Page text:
Posted at 8:46 PM, Jun 05, 2024

FORT MYERS BEACH, Fla. — Every year for tax reasons, the county releases an estimate of property values. The numbers actually give us a better idea of how Hurricane Ian recovery is going. For Fort Myers Beach, the property appraiser says the town is doing well.

Since Hurricane Ian, so much has changed such as how homes look, what buildings are still standing and price tags. People like Fort Myers Beach realtor Andrew Cochrane, watches out for.

"We have less overall sales, but the dollars have increased per, you know, home," Cochrane said, who works for ERA Lahiana Realty.

With more money, your government has more tax income to work with. New numbers from the Lee County Property Appraiser's Office shows that taxable values have actually gone up.

This is a property's market value, minus any exemptions such as a homestead and being a veteran. It doesn't necessarily mean property taxes go up.

According to Matt Caldwell, Lee County's Property Appraiser, Fort Myers Beach saw a 45% in the taxable value in its 2024 estimates, which will be official July 1.

Caldwell says the high number is because of places like Margaritaville and people selling their older homes.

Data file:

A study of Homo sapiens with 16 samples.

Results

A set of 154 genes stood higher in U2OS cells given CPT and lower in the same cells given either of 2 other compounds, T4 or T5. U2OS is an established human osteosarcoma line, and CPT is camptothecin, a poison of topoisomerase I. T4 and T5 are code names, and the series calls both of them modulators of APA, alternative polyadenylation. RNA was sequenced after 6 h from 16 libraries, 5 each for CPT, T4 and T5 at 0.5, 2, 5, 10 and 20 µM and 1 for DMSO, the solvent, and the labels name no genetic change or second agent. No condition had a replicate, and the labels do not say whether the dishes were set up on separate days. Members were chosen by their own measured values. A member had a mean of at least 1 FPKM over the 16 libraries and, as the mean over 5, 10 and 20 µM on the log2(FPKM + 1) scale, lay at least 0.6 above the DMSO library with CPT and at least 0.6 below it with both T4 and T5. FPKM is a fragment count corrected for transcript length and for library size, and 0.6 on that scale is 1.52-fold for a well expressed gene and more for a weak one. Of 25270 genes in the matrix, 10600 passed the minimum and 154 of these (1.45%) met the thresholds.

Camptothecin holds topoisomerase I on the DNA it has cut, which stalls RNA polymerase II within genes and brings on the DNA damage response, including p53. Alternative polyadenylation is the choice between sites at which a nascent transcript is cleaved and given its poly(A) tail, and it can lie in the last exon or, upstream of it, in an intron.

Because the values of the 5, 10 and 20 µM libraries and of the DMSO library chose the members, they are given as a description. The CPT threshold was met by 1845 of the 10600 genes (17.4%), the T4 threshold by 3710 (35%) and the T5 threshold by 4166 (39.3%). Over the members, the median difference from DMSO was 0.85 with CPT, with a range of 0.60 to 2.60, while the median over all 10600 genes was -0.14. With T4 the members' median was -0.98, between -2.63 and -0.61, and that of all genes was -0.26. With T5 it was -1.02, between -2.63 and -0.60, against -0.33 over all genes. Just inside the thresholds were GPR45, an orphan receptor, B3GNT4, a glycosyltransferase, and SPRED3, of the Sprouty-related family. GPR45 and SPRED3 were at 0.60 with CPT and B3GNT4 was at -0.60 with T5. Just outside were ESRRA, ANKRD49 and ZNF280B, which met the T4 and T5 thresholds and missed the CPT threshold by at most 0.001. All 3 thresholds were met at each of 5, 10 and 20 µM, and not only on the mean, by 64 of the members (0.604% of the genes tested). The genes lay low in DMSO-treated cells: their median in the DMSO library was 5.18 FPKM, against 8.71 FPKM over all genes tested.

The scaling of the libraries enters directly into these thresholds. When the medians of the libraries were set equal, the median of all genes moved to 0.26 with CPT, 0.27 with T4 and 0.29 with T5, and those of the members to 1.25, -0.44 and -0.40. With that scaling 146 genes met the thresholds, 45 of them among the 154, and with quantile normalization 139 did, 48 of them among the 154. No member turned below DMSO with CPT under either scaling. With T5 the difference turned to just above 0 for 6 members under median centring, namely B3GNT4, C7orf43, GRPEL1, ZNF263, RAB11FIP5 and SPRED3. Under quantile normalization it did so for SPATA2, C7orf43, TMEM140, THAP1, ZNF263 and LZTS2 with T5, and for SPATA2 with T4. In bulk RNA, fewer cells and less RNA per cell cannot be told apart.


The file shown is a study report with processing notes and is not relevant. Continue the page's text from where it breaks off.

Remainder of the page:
"You saw a property on the tax roll that used to be $10 million now is on the tax roll for $35 plus," Caldwell said. "Those properties had been most of them in longtime family holdings, they had been capped under the homestead or non-homestead cap."

Caldwell believes with previous Ian-damaged houses going on the market now that weren't on the tax roll last year, it's driving up that 45% number.

"You see the level of development happening, the level of activity out on the island," he said. "You’re talking about million-dollar lots up and down the beach."

"Yes, the property value will go up because everything is brand new," Cochrane said.

But he also thinks the big developments are forming some skewed data.

"I think a lot of those big marquee products have inflated the numbers as well," Cochrane believes.

There is some good news though. Lee County went up 1.5% in its "just value." This means the county's property values as a whole went up 1.5%/

"There's a sense of renew, there's a sense of expectation in the future where we're going to see property values go up because all the infrastructure is going to be brand new," Cochrane explains.

Your property value, depending on where you live, can potentially go up. However, you'll find out in August.

"Each property owner will get in the mail a breakdown of what their individual property is worth and then the proposed tax rates," Caldwell said.

The numbers released by his office show where our real estate market is and what taxes will go to the county to keep our area functioning.

If you want to dispute your property values, call the property appraiser's office.